REDMOND, Wash. — July 5, 2005 — The report card is in, and kids aren’t the only ones feeling overwhelmed when it comes to calculus homework and history reports. According to a recent independent survey commissioned by Microsoft Corp. in the United States, United Kingdom, France and Germany, 71 percent of parents with 12- to 18-year-olds consider themselves unprepared to help their children with homework, citing insufficient knowledge and a lack of resources as the primary areas of frustration.1 Perhaps this is why more than half of the parents interviewed said homework is a source of tension in their household.
Microsoft Student 2006
Based on consumer feedback and extensive research, Microsoft today introduced Microsoft® Student 2006, a comprehensive, subject-specific productivity software product designed to help middle- and high-school students efficiently complete high-quality homework assignments and achieve academic success.
“We know parents aren’t always able to act as teacher and tutor, particularly as children get older and homework becomes more complex,” said Karla Tharin, senior product manager with the Education Products Group at Microsoft. “Microsoft Student addresses this common frustration by providing the tools students need to get their homework done successfully in a variety of subjects, from history and foreign language to calculus and chemistry.”
With curriculum-based templates and tutorials, groundbreaking Graphing Calculator software, tools for cutting through online clutter, and trusted digital reference content, Microsoft Student 2006 gives students the resources they need to effectively and efficiently tackle homework assignments.
Microsoft Student 2006 includes the following features:
Learning Essentials for Students helps students get to the heart of the assignment by customizing Microsoft Office to meet their unique needs.2 Learning Essentials for Students provides toolbars, templates and tutorials to help teens with a variety of subjects and assignments, from history reports and English papers to physics projects and foreign languages, using Microsoft Office Word, Microsoft Office Excel® and Microsoft Office PowerPoint®.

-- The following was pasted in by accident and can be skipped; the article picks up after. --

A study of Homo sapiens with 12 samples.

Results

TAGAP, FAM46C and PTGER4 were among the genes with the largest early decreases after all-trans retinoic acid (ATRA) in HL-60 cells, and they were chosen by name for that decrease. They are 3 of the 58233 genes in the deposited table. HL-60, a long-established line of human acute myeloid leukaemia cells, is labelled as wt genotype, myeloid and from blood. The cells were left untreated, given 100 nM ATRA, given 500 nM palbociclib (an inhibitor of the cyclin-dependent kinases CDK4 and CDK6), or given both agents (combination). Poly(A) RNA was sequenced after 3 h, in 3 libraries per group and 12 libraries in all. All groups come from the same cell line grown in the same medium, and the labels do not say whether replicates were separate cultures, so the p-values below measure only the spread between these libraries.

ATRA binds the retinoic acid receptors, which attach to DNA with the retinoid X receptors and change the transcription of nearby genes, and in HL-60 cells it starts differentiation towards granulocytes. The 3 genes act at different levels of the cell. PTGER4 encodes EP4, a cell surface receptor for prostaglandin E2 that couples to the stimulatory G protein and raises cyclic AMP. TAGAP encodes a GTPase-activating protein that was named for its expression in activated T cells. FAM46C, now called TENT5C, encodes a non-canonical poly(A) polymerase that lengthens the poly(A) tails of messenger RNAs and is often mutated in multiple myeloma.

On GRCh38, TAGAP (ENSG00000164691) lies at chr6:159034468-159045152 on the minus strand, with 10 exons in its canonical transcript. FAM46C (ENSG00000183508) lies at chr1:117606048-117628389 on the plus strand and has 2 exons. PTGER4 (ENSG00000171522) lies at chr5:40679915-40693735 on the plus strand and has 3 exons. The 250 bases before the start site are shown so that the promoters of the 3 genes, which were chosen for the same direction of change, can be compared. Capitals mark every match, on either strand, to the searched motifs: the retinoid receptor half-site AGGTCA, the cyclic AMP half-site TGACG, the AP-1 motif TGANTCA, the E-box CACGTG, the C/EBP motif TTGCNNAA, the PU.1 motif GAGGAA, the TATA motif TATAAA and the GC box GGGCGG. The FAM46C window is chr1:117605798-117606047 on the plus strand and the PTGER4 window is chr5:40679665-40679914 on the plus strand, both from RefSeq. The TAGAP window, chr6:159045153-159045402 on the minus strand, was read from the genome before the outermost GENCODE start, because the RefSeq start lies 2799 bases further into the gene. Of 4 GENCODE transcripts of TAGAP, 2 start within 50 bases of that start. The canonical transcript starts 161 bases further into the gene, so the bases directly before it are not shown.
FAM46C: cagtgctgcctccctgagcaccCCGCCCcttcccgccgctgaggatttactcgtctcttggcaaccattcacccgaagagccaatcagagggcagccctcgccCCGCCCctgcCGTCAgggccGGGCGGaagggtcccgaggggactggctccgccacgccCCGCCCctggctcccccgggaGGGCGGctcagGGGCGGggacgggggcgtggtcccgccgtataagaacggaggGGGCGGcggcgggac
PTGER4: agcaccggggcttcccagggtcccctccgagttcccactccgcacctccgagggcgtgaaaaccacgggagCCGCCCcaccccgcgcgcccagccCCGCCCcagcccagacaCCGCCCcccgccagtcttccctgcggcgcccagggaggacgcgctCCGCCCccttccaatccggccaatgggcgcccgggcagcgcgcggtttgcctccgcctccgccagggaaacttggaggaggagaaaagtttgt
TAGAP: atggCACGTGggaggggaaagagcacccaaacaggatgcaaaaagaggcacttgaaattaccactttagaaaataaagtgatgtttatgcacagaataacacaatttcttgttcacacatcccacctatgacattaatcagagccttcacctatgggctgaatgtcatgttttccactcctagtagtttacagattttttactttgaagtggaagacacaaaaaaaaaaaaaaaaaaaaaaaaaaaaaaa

Teens most frequently ask for assistance with math homework, yet only a third of parents surveyed feel prepared to help with this subject.1 Graphing Calculator software presents tools in a straightforward and intuitive manner and helps students visualize and understand difficult math and science concepts through two- and three-dimensional graphing capabilities.
Teens use the Internet for everything from downloading music to communicating with friends and family, so it’s no surprise they instinctively go to the Web when presented with a research assignment. However, the majority of parents surveyed said their children do not always find what they need online.1 The Web Companion streamlines research, providing quick access to trusted information.
Additional features include Book Summaries that deliver illuminating facts and insights to facilitate understanding and appreciation of many classic works of literature, Online Math Homework Help to provide step-by-step instructions and hints for solving math problems, trusted content from Microsoft Encarta®, an Interactive World Atlas, and extensive multimedia to bring learning to life.
The Microsoft Student 2006 DVD3 is scheduled for availability in July 2005 for an estimated retail price of $49.99 (U.S.).4
Founded in 1975, Microsoft (Nasdaq “MSFT”) is the worldwide leader in software, services and solutions that help people and businesses realize their full potential.
1 MSI-ITM Homework Study (May 2005)
2 Works with all editions of Microsoft Office XP and Office 2003 or later
3 CD available through volume licensing programs. For more information, go to http://www.microsoft.com/education.
4 Actual retail price may vary.
Microsoft, Excel, PowerPoint and Encarta are either registered trademarks or trademarks of Microsoft Corp. in the United States and/or other countries.
The names of actual companies and products mentioned herein may be the trademarks of their respective owners.